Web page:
As someone who is decidedly apolitical, it is always a solace to follow that “confirmation bias”.
Opinion: How Gilead ‘broke’ Obamacare
The cost surge in the exchanges is about a few drugs — and it’s fixable
The news that Aetna, UnitedHealthcare and Humana are pulling back on commitments to sell insurance on Healthcare.gov was greeted with utterly predictable reactions: Republicans yelling that they told us Obamacare wouldn’t work, while Democrats say the GOP has cried wolf about the Affordable Care Act for years.
But no one is listening to what Aetna AET, -0.69% and United UNH, -0.11% actually said: The problem’s not really Obamacare. Their biggest challenge in individual insurance is the cost of super-expensive new drugs, especially to fight hepatitis C and HIV — both markets dominated by erstwhile Wall Street darling Gilead Sciences GILD, -1.28% .
The fight over the exchanges is everything wrong with Washington in a nutshell, because it’s clear that a large percentage of the problem is something specific and fixable, but no one is listening because the answer doesn’t fit ideological preconceptions.
The two biggest insurers leaving the exchanges say the No. 1 problem is specialty-drug costs. That problem is fairly narrow and already beginning to go away. And the comprehensive solution Obamacare needs can begin when Washington reads five whole earnings reports for insurers, including Anthem ANTM, -0.43% and Cigna CGN, -10.83% , who aren’t cutting their exchange sales.
Which Washington, collectively, won’t do.
Let’s run numbers first. UnitedHealthcare Aetna and Humana HUM, -0.61% will lose $1.5 billion to $2 billion on federal and state insurance exchanges this year — a pittance next to the $3 trillion health-care system, or even the companies’ nearly $300 billion in yearly revenue. Those three companies beat second-quarter profit estimates by an average of seven cents a share. Threatened they’re not.
Here’s what they say about why they’re losing money. Cause, outside D.C., facts matter.
“The severity of chronic conditions inside the population actually increased year-over-year,” UnitedHealthcare Chief Operating Officer Daniel Schumacher said. “If you look at the prevalence of chronic disease, things like HIV and hepatitis C, diabetes, [chronic obstructive pulmonary disease], those are things that the prevalence was high to begin with in 2015, and that has increased into 2016.”
Aetna said its losses were driven by “specialty pharmacy,’’ a segment revolutionized by the arrival of super-expensive HCV drugs (up to $94,500 per patient) beginning in 2013. Its fix is far from ditching insurance for the roughly 25 million people Obamacare now covers: It just wants the feds to include drug expenses in ACA formulas letting insurers share risks of the highest-cost patients, as they share hospital costs now. Cost-sharing makes the law’s ban on discrimination against sick people possible.
“There is no way to fix this unless we include pharmacy… and we find a way to cover these individuals,” Aetna CEO Mark Bertolini said. “These people need this care, and it’s appropriate that they get it.’’
This is where we get to Gilead, the world’s largest maker of both HIV and hep C drugs. (About two-thirds of Gilead’s sales come from hep C drugs, and its HIV medicines aren’t cheap either). And to where official Washington might learn something from watching the markets.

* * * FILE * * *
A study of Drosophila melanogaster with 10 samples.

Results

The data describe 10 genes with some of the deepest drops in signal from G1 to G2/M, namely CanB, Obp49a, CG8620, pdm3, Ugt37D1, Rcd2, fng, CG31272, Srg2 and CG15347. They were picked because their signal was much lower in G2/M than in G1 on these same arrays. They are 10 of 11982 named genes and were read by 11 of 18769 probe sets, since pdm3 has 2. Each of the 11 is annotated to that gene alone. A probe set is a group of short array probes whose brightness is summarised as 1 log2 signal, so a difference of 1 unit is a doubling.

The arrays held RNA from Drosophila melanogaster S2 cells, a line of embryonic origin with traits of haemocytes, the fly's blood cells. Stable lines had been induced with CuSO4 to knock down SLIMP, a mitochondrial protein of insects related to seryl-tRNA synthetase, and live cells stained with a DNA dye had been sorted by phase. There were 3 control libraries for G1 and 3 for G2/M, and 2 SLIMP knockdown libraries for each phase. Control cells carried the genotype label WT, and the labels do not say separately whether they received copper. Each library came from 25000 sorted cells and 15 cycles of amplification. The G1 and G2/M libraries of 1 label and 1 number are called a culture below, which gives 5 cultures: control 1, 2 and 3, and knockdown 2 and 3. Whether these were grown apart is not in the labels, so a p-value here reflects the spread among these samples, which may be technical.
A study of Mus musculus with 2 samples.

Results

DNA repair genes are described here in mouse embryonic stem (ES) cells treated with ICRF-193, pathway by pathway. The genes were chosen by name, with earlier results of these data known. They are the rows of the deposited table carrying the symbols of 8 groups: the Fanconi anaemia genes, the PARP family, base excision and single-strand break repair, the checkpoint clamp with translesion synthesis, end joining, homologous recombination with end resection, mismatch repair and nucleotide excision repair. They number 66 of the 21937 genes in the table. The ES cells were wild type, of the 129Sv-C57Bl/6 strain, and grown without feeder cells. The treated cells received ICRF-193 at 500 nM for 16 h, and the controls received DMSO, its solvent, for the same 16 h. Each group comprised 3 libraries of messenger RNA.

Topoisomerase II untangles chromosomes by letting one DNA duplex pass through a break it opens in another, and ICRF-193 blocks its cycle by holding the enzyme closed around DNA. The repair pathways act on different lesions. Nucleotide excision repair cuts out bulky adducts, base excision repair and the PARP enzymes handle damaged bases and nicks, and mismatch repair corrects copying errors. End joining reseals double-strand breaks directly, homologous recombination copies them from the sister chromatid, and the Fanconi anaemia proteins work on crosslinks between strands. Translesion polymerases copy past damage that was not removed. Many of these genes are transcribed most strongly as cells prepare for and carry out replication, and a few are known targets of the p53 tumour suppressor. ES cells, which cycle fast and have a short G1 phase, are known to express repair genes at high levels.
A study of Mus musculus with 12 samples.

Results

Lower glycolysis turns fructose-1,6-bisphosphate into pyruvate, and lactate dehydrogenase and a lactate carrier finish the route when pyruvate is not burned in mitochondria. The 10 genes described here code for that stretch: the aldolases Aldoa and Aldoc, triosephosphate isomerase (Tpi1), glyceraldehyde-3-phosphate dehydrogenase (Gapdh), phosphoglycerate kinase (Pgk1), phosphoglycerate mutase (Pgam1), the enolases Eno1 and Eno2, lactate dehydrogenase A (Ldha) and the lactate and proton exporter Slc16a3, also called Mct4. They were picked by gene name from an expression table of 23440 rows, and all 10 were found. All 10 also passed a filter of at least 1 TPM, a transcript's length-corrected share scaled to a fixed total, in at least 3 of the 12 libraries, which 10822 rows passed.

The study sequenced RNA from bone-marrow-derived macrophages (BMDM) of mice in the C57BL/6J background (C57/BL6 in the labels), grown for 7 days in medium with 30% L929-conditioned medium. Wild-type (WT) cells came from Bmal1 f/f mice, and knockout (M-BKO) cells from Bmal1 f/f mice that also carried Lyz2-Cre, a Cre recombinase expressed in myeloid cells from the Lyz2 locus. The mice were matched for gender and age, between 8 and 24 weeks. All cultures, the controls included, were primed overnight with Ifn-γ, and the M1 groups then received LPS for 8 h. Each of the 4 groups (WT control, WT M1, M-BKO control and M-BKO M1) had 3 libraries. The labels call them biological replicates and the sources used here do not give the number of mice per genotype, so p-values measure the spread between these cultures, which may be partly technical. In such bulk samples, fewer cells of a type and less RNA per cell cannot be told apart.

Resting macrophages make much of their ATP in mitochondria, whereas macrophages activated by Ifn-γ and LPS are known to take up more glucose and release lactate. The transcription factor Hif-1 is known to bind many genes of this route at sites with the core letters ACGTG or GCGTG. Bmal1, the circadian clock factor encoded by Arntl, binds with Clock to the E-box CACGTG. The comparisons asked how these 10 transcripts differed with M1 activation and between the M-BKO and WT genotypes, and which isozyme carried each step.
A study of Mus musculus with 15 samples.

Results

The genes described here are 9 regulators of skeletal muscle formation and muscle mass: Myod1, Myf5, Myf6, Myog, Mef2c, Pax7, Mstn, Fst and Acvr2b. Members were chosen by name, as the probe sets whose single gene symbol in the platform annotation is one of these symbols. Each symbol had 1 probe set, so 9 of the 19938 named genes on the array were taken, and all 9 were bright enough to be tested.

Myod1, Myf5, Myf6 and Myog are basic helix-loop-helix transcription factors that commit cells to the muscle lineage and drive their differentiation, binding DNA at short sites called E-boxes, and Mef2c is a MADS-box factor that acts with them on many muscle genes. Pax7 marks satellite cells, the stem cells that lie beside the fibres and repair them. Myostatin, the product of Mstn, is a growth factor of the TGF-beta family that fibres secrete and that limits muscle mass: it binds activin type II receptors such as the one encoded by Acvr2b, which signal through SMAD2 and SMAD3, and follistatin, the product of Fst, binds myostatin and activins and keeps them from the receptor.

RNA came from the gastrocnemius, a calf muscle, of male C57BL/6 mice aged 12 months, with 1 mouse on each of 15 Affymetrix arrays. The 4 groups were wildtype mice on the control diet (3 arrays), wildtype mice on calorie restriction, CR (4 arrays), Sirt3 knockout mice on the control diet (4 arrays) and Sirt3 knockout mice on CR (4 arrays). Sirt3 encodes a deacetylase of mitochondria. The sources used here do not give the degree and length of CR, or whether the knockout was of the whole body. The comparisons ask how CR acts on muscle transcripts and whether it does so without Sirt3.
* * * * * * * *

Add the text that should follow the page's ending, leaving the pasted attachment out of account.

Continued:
The market is suppressing Gilead’s stock because the surge of hep C drug sales will be temporary, not the “death spiral” cable-news pundits see. As Gilead’s chart shows, shares surged after 2011, when it bought a startup that developed its HCV portfolio. But then Gilead crested and turned down, for a few reasons.
First, competing drugs arrived, pressuring Gilead’s prices. (Gilead spokesman Mark Snyder says “most payers receive substantial discounts,” with the biggest for Medicaid and the Veterans Administration). Second, because Gilead, Merck MRK, +0.01% and AbbVie ABBV, -0.33% are rapidly curing the estimated 2.4 million to 3.5 million HCV carriers — most of whom don’t know they have it — which causes 20,000 annual U.S. deaths. About 650,000 Americans have been cured since modern treatments arrived.
And only 30,000 new cases occur each year, according to the Centers for Disease Control — because blood-donor screenings have eliminated the main cause of transmission. Most of those people got HCV from pre-1992 transfusions. I was one. So demand is already shrinking outside the exchanges.
Indeed, weekly prescriptions for Gilead’s HCV drugs are down 30% in the last year, according to Barclays. Overall sales of $12.4 billion last year, and $8.5 billion this year, will drop to $3.3 billion by 2020, analyst Geoff Meacham says. Similarly, new U.S. HIV infections are down 19% in the last decade.
This is why Washington shouldn’t panic — not about HCV, and not about Obamacare. It’s why headlines like “Obamacare’s Economic Assumptions Collapse” are as silly as claims that inflation is skyrocketing and America is heading for a Greek-style fiscal crisis. That these claims are made by the same people is no coincidence. And it’s why “broke” is in quotes in the headline.
There’s a reason insurers don’t want Obamacare ended. They want cost-cutting mergers like Aetna’s proposed Humana deal, which regulators are blocking, and drug-cost sharing. (Congress will also have to add money to lower subsidized premiums and add moderate-income young people to the risk pool).
The law’s Medicaid expansion helped United’s $30 billion Medicaid-insurance business grow 15% in the second quarter — almost five times United’s losses on Healthcare.gov. They can handle growing pains.
Fixing Obamacare isn’t that hard. It just begins with the hardest Washington task of all: Shutting up, for one minute, to listen.